From Thursday new drivers who have passed their tests in Switzerland will be on a three-year trial period before they can receive their full licences.
The government wants young people to undergo a mandatory two days of extra training during this time as a way of cutting the high number of road accidents caused by new drivers.
The new rules affect all those who apply for their first provisional licence for cars and motorcycles after December 1.
Officials say the move is designed to improve road safety. Statistics show that new drivers were involved in 3,883 accidents in 2004, more than double the number caused by over 65-year-olds.
Driving accidents are said to be the primary cause of death of 18- to 24-year-olds.
"Their lack of driving experience, tendency to be overconfident, peer pressure, and alcohol can be a highly explosive mixture," Jolanda van de Graaf from the Swiss Federal Roads Authority told swissinfo.
"Therefore it is essential that young people are accompanied [by these measures] during the first three years of driving."
The first day of instruction, to be attended within six months of passing the test, is designed to improve the driver's awareness and anticipation of dangerous traffic situations. It involves time spent practising on a driving circuit.
The second day, to take place within three years, is aimed at helping candidates improve their self-assessment and traffic skills, as well as their behaviour towards other road users.
It includes a drive with a specially trained instructor and other new drivers who will then offer feedback.
In addition, if a driver is disqualified or has the licence withdrawn during the three-year period, the probationary status will be extended a year.
If offences happen again, the licence will be withdrawn and a new learner's licence will only be issued after a year, following a report by a traffic psychologist.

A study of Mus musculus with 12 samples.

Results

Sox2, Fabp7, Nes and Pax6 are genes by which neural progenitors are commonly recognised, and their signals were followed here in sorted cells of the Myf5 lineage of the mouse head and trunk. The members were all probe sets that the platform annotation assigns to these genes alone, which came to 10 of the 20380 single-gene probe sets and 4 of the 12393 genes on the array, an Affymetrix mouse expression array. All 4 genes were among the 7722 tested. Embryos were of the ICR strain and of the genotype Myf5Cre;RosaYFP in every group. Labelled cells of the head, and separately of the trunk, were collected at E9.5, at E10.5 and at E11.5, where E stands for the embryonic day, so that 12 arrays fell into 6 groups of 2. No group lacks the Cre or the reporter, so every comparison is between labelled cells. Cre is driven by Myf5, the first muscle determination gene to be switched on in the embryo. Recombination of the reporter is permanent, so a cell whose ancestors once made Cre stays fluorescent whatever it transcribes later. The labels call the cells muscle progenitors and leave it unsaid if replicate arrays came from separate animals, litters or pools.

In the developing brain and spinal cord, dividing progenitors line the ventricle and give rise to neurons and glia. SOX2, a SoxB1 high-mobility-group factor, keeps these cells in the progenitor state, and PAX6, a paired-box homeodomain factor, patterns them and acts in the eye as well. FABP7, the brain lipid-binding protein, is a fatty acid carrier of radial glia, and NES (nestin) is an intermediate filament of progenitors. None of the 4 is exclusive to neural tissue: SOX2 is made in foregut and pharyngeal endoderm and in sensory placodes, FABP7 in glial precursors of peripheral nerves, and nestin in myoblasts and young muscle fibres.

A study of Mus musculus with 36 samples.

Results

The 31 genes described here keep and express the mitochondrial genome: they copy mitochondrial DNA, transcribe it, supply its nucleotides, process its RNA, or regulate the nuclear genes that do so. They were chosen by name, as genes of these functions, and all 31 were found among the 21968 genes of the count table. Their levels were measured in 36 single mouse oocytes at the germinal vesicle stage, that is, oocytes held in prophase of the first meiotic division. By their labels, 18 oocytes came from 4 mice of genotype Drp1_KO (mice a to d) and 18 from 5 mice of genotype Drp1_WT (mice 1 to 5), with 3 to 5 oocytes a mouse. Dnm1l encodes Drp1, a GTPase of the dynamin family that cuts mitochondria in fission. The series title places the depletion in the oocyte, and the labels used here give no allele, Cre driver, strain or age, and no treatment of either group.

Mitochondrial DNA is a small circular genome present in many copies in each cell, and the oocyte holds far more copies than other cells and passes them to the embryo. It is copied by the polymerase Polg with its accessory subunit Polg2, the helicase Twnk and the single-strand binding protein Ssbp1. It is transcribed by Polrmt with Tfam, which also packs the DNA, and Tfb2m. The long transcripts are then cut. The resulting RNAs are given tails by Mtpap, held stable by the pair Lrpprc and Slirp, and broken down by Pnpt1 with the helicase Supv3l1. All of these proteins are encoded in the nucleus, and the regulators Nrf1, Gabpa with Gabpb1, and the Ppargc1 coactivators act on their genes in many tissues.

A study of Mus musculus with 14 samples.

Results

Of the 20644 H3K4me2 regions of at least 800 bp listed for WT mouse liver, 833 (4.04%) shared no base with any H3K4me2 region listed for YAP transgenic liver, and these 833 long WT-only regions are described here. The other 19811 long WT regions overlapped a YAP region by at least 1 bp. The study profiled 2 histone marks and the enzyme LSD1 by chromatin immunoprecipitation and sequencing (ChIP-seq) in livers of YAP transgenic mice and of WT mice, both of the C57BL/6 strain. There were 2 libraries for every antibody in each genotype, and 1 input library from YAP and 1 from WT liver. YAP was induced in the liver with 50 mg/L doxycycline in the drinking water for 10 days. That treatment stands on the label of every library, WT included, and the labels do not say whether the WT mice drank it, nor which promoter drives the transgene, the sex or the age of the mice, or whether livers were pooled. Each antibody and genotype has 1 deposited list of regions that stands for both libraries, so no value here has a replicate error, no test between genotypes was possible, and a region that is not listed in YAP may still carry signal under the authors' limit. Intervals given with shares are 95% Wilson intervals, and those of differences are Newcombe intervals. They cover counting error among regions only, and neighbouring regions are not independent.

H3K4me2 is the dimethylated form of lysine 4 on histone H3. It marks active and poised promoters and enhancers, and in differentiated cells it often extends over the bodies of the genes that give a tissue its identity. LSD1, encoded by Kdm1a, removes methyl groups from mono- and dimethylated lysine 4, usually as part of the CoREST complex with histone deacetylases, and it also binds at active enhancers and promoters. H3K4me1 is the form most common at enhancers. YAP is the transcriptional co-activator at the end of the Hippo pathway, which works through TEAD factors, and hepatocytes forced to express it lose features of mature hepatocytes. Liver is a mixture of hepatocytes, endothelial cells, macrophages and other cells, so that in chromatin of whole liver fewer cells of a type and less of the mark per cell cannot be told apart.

Driving instructors have mixed views on the new regulations. Ravaldo Guerrini, from the association of driving instructors in eastern Switzerland, called the measures a step in the right direction in preventing accidents.
"It's a good message for young drivers," he told swissinfo. "Not all young drivers are happy with this but if you are driving normally [the probationary period] is not really going to be a problem."
Jürg Schneider, a driving teacher working in the Swiss capital, Bern, welcomed the tougher rules for driving offences, which he said could be a deterrent.
But he told swissinfo he was more sceptical about the training. Schneider felt the first part might encourage new drivers to drive at their limits by teaching them how to manage dangerous situations and the second part could end up being a "pleasure ride" rather than a useful exercise.
"It would be better in my view for the test level to be raised a bit and for some people to be prevented from driving for a while when it's clear that they shouldn't be on the roads," he said.
Another issue is money: the new courses are expected to cost SFr800-600 ($609-457). This is in addition to the four-part programme – theory test, practical lessons, first aid and a traffic awareness course – that learner drivers already have to undergo.
In total, costs for these four parts already amount to at least SFr2,500, taking into account 20 driving lessons and adminstrative fees for the test and the provisional and full licences.
In the past few months the cantonal authorities have reported huge demand from young people eager to apply for their licence before the new regulations come into effect.
"There are cantons where the level of enquiries has increased by up to 50 per cent," Sven Britschgi of the association of road transport offices told swissinfo.
The Swiss Federal Roads Authority is confident that the new measures will help save lives and reduce health costs relating to personal injuries after accidents.
Experiences from other countries seem to support this view. In neighbouring Austria, which introduced a similar system in 2003, the number of accidents caused by 18-19 year-olds in the first half of 2005 dropped by 11.2 per cent compared with 2003.
swissinfo, Isobel Leybold-Johnson
According to the Touring Club of Switzerland (TCS), in 2004 new drivers were involved in 3,883 accidents.
Road accidents are said to be the most common cause of death for the 18-24 age group.
The TCS says that the number of accidents caused by new drivers falls to under 1,500 per year three years after taking the test.
On December 15 the Senate is due to discuss a motion calling for the theory exam to be taken in one of the three main Swiss languages - German, French, Italian – only.
At present it can be taken in most cantons in up to nine languages, including English, Albanian and Turkish.
The government has already rejected the motion saying that it might shut people out from some professions and that it was up to the cantons to decide.